When my father was teaching me how to drive, he told me to keep my eyes on the road. Not on the pavement immediately past the pointed nose of our forest green Pontiac Trans Sport, but on the road that stretched out ahead of me. He said it gave me something to aim for.
It is, after all, the season for goal setting. How many of us have already set goals and resolutions, but haven’t made any progress toward them? How can we do better?
Dr. Gail Matthews, a professor at Dominican University of California, conducted research on methods for achieving goals. The participants were divided into five groups. “Group 1 was asked to simply think about business-related goals they hoped to accomplish within a four-week block and to rate each goal according to difficulty, importance, the extent to which they had the skills and resources to accomplish the goal, their commitment and motivation, and whether they had pursued the goal before (and, if so, their prior success). Groups 2-5 were asked to write their goals and then rate them on the same dimensions as given to Group 1. Group 3 was also asked to write action commitments for each goal. Group 4 had to both write goals and action commitments and also share these commitments with a friend. Group 5 went the furthest by doing all of the above plus sending a weekly progress report to a friend.”
At the end of the study, only 43% of Group 1 had either accomplished their goals or had reached a halfway mark. Group 4, however, had 62% of the participants achieving their goals, or reaching a halfway mark. Amazingly, Group 5 saw 76% of its participants accomplish their goals or reach a halfway mark. According to this research, writing down a goal, assessing our commitment and motivation towards that goal, and then sharing progress with peers greatly increases our chances for success! Organizing committees, groups, or even drafting an accountability partner will help! Share your vision board, your business plan, or your road map, and get to work.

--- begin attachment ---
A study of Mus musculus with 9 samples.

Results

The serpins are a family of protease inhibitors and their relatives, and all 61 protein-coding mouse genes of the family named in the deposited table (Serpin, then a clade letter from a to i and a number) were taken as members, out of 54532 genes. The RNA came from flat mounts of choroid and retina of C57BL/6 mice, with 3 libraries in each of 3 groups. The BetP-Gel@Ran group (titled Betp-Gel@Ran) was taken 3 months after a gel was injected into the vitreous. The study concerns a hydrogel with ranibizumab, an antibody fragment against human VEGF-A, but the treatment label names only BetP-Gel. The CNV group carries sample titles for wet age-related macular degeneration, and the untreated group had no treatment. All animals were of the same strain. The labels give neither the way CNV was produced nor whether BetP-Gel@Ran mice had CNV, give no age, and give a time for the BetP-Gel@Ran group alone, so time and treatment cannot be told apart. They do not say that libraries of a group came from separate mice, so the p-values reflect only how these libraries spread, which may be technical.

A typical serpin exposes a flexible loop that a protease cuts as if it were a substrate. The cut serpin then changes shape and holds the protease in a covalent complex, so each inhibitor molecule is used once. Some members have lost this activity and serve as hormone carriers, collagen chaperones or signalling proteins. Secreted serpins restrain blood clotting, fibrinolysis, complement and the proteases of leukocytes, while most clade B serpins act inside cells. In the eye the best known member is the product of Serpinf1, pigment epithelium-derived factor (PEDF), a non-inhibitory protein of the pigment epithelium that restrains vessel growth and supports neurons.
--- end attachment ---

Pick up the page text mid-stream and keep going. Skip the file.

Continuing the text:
Five years ago, this is exactly what Innovate Springfield and the Continuum of Learning did. They put their minds together, along with voices from all over the community, toward the goal of improving outcomes for Sangamon County children facing multiple barriers. Out of this discussion and research, the Sangamon Success report was born. The 25 recommendations of the Sangamon Success report included everything from infant and maternal health to college and career readiness, each inviting a broad range of community partners to tackle the issues identified.
Now, it’s time to share the progress that we’ve made with the community! We are compiling the statistics and stories that show how much Sangamon Success has accomplished in five years and building a progress report that will fuel our growth in years to come. In order to tell the whole story, however, we need help. As you might imagine, 25 recommendations across all age groups over five years leads to a lot of data. 40 local family-serving programs were included in the original report, but there are many more programs in Sangamon County that have changed or been created since the report’s publication in 2015.
Does your organization work to reduce barriers for children in Sangamon County? If so, contact Hillary Rains, Program Director of Social Innovation at email@example.com and share your accomplishments with the whole community. Help us set our next set of goals as we all look down the road and aim for the future.